ANY advice, comments or experience would be greatly appreciated!!
The only GE 48" ranges are GE Monogram.
Monogram is a price controlled line.
The UMRP or "Contractor Price" is the rock bottom price allowed by GE.IF a dealer sells below that price they risk losing their Monogram dealership. Virtually every dealer is willing to sell you a range at "Contractor Price" and may be willing to let you see the price book to confirm. If you go shopping from dealer to dealer you are likely to hear the same number again and again.
Exceptions are scratch n dent,floor models,and discontinued models.Or if the store is going out of buisness and does not care about losing Monogram dealership.
Then again Monogram is not a hot seller so you may be able to get 20-35% off of floor model,scratch n dent,or discontinued model.
Before buying GE I would look through this forum and read threads about Bluestar RNB and Capital Culinarian ranges.These ranges offer superior cooking performance.
Thanks for the input, I just can't believe the price increases they
have been taking. I'm leaning towards the GE because it has the
largest oven capacity.
Take your bakeware,baking sheets,and roaster to the appliance showroom.
See if you can fit something in the Monogram that you can't fit in either the BS or the CC.
I bet you can't.
Some of that space is unuseable verticle space and and another large portion is verticle space no one really uses in the real world.
Bluestar 36" RNB Oven Width 29"x Depth 20"x H 15"
CC 36" Oven Width 27" W X 21" D x H 14" .
You can fit full size professional baking sheets and 40 qt stock pot.
Monogram 36" Oven 28.25" W x 19" Depth x 16 3/8" H
You can fit full size professional baking sheets and 50 qt stock pot.
Both will fit the same number of regular size pans, like loaf pans or dutch ovens. Both will fit biggest roasters.
Question is do you need to stick something in the oven larger than a 40 qt stock pot? Like a 50 qt stock pot. That is the only advantage I see to the bigger oven,if you can use the extra 1 3/8" of height. If not you are just wasting time and gas heating up space you don't use. Natural gas is cheap but my time is not:)
IMO chances are you can use the extra depth of the CC or BS better than the extra height of the Monogram oven.
Thanks again for the suggestions, will do!
I have the Monogram 48" and quite like it. I didn't compare the CC, but did compare to the Blue Star before buying and chose Monogram for a couple of reasons.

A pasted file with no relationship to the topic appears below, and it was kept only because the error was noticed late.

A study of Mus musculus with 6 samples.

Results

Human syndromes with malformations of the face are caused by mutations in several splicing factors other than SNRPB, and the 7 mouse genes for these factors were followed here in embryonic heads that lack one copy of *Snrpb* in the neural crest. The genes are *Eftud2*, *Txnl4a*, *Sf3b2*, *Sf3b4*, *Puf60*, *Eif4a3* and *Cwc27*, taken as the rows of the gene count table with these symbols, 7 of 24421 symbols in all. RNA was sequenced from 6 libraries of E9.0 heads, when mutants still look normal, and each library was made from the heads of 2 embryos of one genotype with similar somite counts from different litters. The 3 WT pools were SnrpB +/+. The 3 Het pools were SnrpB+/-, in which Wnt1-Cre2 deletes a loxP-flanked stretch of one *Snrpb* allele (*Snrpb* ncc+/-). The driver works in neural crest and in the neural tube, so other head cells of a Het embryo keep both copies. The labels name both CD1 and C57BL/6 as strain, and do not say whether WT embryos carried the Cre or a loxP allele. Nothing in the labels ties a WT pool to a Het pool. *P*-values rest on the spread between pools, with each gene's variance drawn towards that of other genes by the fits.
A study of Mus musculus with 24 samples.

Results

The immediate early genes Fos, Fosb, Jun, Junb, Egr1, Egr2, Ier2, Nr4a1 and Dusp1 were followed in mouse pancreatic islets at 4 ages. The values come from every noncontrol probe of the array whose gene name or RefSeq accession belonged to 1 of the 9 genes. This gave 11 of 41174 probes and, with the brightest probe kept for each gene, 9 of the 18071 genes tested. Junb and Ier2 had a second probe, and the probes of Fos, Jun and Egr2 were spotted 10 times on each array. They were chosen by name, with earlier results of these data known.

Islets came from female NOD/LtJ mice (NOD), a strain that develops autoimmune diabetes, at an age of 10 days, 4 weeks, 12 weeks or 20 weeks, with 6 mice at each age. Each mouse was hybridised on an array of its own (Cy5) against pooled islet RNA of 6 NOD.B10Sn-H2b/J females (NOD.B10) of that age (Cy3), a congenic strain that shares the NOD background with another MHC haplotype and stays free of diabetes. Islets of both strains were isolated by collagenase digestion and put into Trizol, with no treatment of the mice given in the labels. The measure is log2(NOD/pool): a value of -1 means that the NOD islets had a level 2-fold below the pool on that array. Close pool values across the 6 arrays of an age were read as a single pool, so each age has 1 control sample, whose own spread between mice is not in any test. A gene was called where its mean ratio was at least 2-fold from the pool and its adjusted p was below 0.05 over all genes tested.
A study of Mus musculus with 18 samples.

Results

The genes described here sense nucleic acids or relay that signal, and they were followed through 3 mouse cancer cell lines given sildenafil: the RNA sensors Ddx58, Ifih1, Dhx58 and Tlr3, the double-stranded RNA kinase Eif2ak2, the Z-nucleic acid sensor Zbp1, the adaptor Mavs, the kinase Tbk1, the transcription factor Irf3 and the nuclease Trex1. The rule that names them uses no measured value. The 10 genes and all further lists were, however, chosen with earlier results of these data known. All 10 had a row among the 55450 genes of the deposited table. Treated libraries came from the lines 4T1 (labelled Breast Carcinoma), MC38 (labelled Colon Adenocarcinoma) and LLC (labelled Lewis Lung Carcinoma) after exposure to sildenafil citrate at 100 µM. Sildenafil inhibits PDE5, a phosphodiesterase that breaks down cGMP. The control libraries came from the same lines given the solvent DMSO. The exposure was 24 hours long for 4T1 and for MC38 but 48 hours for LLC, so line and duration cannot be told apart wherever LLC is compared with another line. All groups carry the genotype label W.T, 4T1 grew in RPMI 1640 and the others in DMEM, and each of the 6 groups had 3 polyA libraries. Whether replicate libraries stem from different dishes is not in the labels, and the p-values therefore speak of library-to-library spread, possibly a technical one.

(Okay honestly my initial hesitation was there aren't a lot of BlueStar dealers near me and I didn't get a good vibe from the salesman at either of the two BS dealers I checked out -- that's just a local concern which won't apply if you have better dealers near where you live.)
That alone wouldn't have stopped me, but then I read several reports of how hot the oven exteriors get. I roast veggies every night for dinner and didn't want to stand in front of hot ovens every night. The Monogram oven exteriors stay cool to the touch while roasting veggies at 425, and I get zero heat from them while working in front of them at the burners and grill.
Very happy with my Monogram range overall, the ovens are great and I *love* the full extension racks (IIRC BS has those too), and the burners simmer perfectly which is important to me. I love the Monogram grill as well.
The one thing I don't like about the Monogram is the griddle, which sucks rocks in my opinion. BS and CC may have a better grill that is easier to keep seasoned without going gummy all the time; that's my only real complaint about the Monogram.
What about the griddle is a problem? I'm about to get the GE and was considering the 6 burner and griddle setup.
wkearney99, I just could not get the griddle to season no matter what I did. I tried with various kinds of vegetable oil (safflower, canola, olive) many different times following the instructions -- brush on just ever so lightly (1 tsp for the whole griddle), turn on to 350 for approx 1/2 hr until it starts to smoke, let cool, repeat. All I got for my efforts each time was a gooey, sticky, gross surface that was anything but non-stick.
Then I tried just using some butter and doing pancakes. The pancakes cooked fine but the griddle still didn't stay seasoned and I ended up having to clean down to scratch again with a grill stone and start over. After trying about half a dozen times I just gave up, put the cover on the damn thing, and now I use my frypan with cooking spray like I used to.
So I wish I'd just gone with 6 burners and the grill since the griddle is just a waste of space.
I should mention that your mileage may vary as perhaps (?) it depends on what you use it for. We don't eat bacon or sausage or other such foods that might have allowed it to season better over time. I don't know. I make a protein pancake every morning for breakfast and the thought of just throwing it on the griddle and then having a quick scrape/clean afterwards instead of washing the pan was compelling. That's the reason we went with the griddle. But no dice, it doesn't work. So I'm back to the old way of a frypan and cooking spray while the griddle just takes up space.